John Key says NZ's drug bill set to rise under TPP, but patients protected
The Government will face a higher medicine bill under the Trans-Pacific Partnership (TPP) trade deal, Prime Minister John Key warns.
Talks on the 12 nation deal are in their final stages in Hawaii this week and a successful outcome would likely see patent protection for some drugs extended beyond the current period - effectively about five years from introduction to the market - pushing up the cost.
"It's possible and in fact highly probably that patents will run for a little bit longer and that means the Government will have to pay for the original drug as opposed to the generic for a little bit longer," Key said on Tuesday as he headed into National's mid-morning caucus meeting.
But he said patients would not have to pay more for prescriptions as a result.
However, Key later tried to down play the likely cost to the Government and drug buying agency Pharmac.
"I'm not even really convinced Pharmac will end up having to pay a little bit more even if patents are longer because ultimately they have such buying power in the way they do things it would be really at the margin," he said as he headed into Parliament's Question Time.
There might be a small increase in funding for Pharmac as a result but that would be far outweighed by the extra income from taxes that the Government would receive. It would mean New Zealand was highly likely to subsidise more drugs, Key said.
"For consumers there will be no change. They won't get more expensive."
Labour leader Andrew Little said one of his party's bottom lines to support the TPP was to protect Pharmac and its model of purchasing.
"We do not agree to the extension of patents."
He said the NZ taxpayer would end up paying for it.
"Pharmac's purchasing power has saved New Zealanders more than $7 billion dollars since 2000. Multi-national pharmaceutical companies will be cheering at this news and New Zealand taxpayers are the ones losing out."
It was disingenuous of Key to say consumers would not be affected.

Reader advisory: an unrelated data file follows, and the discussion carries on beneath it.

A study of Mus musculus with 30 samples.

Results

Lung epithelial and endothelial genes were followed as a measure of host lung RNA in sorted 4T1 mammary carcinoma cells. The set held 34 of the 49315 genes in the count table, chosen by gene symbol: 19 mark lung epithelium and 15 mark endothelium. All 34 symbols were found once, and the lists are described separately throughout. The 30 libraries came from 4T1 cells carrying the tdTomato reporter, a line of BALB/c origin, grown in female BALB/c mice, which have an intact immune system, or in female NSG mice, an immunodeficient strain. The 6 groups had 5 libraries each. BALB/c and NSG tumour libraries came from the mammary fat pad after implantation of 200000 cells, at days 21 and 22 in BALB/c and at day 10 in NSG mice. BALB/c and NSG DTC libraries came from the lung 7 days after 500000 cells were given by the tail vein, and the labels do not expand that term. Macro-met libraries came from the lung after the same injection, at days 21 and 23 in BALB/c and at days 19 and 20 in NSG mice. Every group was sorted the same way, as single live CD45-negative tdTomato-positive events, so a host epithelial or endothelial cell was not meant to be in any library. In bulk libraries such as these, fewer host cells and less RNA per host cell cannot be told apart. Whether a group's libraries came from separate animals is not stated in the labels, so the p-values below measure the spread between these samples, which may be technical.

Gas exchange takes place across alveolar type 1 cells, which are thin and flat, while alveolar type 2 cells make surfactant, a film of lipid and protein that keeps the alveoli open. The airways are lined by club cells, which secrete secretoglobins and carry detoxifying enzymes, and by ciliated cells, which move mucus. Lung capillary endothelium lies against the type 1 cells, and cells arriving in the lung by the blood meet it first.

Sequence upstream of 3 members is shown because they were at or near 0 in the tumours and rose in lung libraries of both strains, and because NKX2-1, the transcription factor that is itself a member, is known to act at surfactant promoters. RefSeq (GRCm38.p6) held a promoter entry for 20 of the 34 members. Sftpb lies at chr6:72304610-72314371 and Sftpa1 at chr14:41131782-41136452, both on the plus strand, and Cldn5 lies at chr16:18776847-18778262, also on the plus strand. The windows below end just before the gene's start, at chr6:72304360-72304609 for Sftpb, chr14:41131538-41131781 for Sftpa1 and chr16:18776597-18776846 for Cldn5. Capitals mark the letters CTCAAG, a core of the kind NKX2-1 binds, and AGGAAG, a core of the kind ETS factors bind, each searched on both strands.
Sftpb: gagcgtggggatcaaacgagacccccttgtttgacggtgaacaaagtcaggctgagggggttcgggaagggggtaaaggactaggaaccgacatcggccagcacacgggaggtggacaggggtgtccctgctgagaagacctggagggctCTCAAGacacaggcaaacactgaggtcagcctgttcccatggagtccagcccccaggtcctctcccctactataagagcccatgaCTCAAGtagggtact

"Who does he think taxpayers are? Any extension of drug patents will inevitably lead to less medicines being available to New Zealanders including biologics, the latest in cancer drugs."
"Kiwis deserve to know what is in the TPP before it is signed. Anything else is a sell-out," Little. said.
Key had earlier said drugs not on the subsidised list now were generally a lot more expensive, but under the Pharmac model "they always make sure there are a variety of drugs and not just one".
So in the case of drugs for a common condition the Pharmac state drug agency often had three medicines on the subsidised list.
"The question for New Zealanders is as simple as this: Do you think if we have access to the massive United States and Japanese markets with our exporters having a level playing field, will they do better or worse, will it create more jobs or less, will the country be more prosperous as a result?"
All the evidence showed that the country would be better off.
He said a lot of elements of the TPP, such as investor-state disputes resolution clauses that allow investors to take action against Governments, had been dressed up by opponents as a sort of "bogey man to undermine confidence in it".
The US wanted to protect intellectual property but New Zealand generated a lot of intellectual property as well, and it was a two-way street.
Meanwhile, Key repeated he believed bans on foreign buyers, such as those proposed by Labour on residential property, did not work.
"A property tax, if you had an ongoing one, would go quite a big way in deterring people if that's what you really want to do. Personally I don't favour it at the moment."
But Little said the stamp duty or property taxes Key had mentioned would not meet Labour's concerns about non-resident buyers of houses.
"We don't want them competing for existing houses. We must be able to legislate in our own best interests."
Asked if a Labour government would pull out of the TPP, he said he did not yet know what was in the deal.
But Labour would "go to the ends of the Earth" to ensure a Labour government and future governments had the right to act in the best interest of New Zealanders.
He reiterated Labour was in favour of free trade, but said the TPP went much further than improving trade access.